A Liberal? Really? – by Michael Lagan

Another DUP leader down.  It only took party pressure to make her resign.  Party pressure that didn’t materialise during RHI even though it was one of the biggest scandals to hit the DUP and the Northern Executive in years.  £500 million of taxpayers money went down the tube and Arlene Foster, then Minister for Enterprise, Trade and Investment downright refused to stand aside to allow an investigation into the scheme and her involvement in it, nor did anyone within her own party demand she do so.  Yet now, we’re led to believe Arlene Foster was forced to stand down…for being too liberal?  The Oxford dictionary describes a liberal as – “willing to understand and respect other people’s behaviour, opinions, etc., especially when they are different from your own; believing people should be able to choose how they behave”.

This is a woman, who was leader of a party, who wanted to withhold rights from our LGBTQ community, who continues to refuse our Irish language community their rights under both the Good Friday Agreement and the New Decade New Approach deal to have the Irish language held to the same status as the English language.  Scotland and Wales have their own respective language acts, yet the DUP have only moved to deny Irish language speakers their rights.  In 2015 Arlene Foster wrote to the Scottish government asking ministers in Edinburgh to bar same-sex couples from the North from converting their civil partnerships into full marriages.  Whoever thought Arlene needed to resign for being too liberal, really needs to take a long hard look at themselves and their own definition of ‘liberal’. 

So who does the DUP look to for leadership now?  My first thought was obviously… the Loyalist Communities Council.  After all, the DUP are at their beck and call at any other time, taking advice on Brexit, import and export and even on policing from a group comprising three Loyalist terrorist organisations.  One of which, a couple of days ago, shot one of their own in the chest. Seriously though, (yeah, I was joking on the LCC front) any of the leadership candidates, ranging from Gavin Robinson, to the proverbial lower abdominal male appendage known as Sammy Wilson, will need to win back the trust and indeed votes of the Unionist and Loyalist voters of the North, many of whom have, by this stage, promised their votes to the single personality party, the TUV.  Many of the DUP leadership candidates are what have been described as ‘religious fundamentalists’ and Evangelicals which is why the likes of LGBTQ rights and the banning of Conversion Therapy have been so controversial for them, especially when, while the DUP party line was to vote against a ban on Conversion Therapy, Arlene Foster abstained.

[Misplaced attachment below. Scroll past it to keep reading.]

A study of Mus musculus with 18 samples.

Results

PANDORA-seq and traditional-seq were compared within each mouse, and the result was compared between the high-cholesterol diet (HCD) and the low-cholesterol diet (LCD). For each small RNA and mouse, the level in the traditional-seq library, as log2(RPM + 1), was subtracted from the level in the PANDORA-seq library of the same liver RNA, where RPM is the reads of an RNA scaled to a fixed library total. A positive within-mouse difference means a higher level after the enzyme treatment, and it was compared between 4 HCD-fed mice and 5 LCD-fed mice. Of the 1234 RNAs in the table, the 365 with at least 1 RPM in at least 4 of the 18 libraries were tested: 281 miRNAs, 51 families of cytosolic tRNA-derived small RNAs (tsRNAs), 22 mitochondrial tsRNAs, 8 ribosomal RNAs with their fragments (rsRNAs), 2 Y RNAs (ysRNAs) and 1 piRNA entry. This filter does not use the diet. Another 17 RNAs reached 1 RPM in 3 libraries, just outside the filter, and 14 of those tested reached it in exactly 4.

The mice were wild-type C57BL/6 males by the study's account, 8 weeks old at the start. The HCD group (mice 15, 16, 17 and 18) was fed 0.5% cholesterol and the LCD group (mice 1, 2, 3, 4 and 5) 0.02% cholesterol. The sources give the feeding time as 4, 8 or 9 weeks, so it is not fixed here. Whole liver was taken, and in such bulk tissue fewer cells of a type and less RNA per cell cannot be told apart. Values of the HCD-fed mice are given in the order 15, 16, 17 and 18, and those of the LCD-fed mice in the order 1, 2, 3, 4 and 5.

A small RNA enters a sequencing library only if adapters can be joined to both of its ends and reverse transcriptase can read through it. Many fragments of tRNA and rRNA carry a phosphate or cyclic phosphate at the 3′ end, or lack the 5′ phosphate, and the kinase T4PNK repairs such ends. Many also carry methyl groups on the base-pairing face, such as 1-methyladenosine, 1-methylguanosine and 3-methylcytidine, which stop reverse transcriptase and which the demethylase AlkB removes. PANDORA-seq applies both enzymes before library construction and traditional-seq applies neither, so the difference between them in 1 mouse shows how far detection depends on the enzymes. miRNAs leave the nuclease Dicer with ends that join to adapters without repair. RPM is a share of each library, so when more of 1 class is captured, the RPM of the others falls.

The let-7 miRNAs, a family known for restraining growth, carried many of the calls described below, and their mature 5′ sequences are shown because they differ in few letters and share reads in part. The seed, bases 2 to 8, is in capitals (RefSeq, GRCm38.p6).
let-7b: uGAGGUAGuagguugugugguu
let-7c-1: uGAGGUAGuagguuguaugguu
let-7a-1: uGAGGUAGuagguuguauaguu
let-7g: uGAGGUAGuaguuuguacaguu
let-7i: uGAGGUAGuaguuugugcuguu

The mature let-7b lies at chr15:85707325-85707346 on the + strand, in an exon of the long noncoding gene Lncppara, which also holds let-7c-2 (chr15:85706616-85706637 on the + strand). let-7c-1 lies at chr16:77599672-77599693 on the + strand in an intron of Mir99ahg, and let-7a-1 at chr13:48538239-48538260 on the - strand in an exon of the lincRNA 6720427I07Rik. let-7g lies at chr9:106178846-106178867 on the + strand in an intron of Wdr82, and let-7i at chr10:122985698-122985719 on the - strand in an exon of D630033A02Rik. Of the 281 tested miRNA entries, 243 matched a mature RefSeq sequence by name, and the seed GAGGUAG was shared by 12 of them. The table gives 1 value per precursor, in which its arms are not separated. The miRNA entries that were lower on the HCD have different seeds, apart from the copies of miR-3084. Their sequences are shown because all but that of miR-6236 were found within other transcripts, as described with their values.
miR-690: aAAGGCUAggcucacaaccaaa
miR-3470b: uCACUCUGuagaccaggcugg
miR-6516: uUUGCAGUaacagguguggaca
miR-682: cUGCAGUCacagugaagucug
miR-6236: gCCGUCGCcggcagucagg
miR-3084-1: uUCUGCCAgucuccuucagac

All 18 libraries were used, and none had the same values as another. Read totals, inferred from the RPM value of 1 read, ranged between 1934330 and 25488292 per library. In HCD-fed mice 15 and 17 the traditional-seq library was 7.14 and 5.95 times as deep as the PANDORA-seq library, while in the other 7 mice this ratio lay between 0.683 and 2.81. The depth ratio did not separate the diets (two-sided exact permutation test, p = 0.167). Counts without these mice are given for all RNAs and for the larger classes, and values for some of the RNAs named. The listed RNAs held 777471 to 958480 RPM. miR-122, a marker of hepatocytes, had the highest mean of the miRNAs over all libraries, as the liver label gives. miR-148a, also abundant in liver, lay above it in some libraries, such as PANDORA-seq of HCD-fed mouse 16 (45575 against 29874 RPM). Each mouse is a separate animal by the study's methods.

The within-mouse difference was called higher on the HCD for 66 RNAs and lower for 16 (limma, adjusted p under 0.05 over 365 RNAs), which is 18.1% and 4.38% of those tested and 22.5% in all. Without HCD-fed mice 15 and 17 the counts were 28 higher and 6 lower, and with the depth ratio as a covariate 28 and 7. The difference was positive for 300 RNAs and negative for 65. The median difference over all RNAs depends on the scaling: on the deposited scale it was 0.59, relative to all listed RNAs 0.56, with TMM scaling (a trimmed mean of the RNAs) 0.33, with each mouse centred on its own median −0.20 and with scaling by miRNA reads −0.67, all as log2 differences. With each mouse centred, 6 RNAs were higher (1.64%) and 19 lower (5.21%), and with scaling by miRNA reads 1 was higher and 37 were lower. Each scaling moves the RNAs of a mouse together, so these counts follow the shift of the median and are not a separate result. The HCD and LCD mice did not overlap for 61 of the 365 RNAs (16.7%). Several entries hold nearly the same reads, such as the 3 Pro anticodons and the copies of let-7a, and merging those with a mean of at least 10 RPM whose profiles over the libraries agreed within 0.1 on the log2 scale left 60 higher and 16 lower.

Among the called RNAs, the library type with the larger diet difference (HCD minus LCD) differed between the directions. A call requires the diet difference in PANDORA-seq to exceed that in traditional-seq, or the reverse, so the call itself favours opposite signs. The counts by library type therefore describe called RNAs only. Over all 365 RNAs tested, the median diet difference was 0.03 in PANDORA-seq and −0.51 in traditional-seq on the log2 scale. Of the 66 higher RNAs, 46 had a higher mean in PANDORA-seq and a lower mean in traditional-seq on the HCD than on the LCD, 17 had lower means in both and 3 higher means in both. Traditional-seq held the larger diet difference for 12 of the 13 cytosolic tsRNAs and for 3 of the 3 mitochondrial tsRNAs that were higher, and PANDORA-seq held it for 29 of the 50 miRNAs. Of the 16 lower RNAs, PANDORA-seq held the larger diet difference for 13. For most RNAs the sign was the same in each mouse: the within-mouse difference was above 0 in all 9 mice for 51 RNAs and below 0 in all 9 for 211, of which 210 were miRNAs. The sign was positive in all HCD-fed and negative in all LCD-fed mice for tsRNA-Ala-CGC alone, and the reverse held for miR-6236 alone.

So what will it be for the DUP? Religious fundamentalism or actual politics and the delivery of rights and services for the masses?  Let’s not forget that the DUP consistently accuse Sinn Fein of not “wanting Northern Ireland to work” when the mood suits, yet more often than not, it is actually the DUP who refuse people and places the rights and services they so blatantly need.  Additionally, if the North was ‘working’ it would be a more palatable prospect to many in the South who will be asked to vote on a united Ireland. The answer is yet to be seen, but going by the personalities vying for the role of party leader, I wouldn’t be too hopeful on the ‘delivery of rights for the masses’ front.  In fact, with Arlene allegedly being asked to resign from the position of ‘Leader of the Democratic Unionist Party’ for being too liberal, I wouldn’t expect any rights to be delivered for anyone other than Unionists in the near future.  We may however, see the LCC elevated to the position of Joint First Minister of the North if Samuel Wilson has his way on anything.

In the end, the DUP needs to start being realistic.  They’re in a pickle on pretty much everything and anything from ‘rights’ to ‘Brexit’.  The party needs to re-engage with their base and Nationalism, be truthful with them on the reality of the North, the demographics and the fact a united Ireland is a realistic future for them because whether they currently like to admit it or not, that is exactly where Ireland as a whole is heading.  The DUP has treated its voting base like imbeciles, as nothing more than numbers for the Conservative Party and themselves to call on when needed and discard when their usefulness has passed.  

Now is the time for any new leader of the DUP to start putting the average Unionist voter above Loyalist paramilitaries, pour money and funding into both communities rather than into the pockets of paramilitaries who are still killing and maiming.  A new leader must work for their people rather than the Union they hold so dear but which has let them and the Unionist and Loyalist down time and again.  The leadership battle will be an interesting one which, while it will be held behind closed doors as it were, will no doubt be played out in the media.  Only time will tell who gets the job as First Minister of the Executive.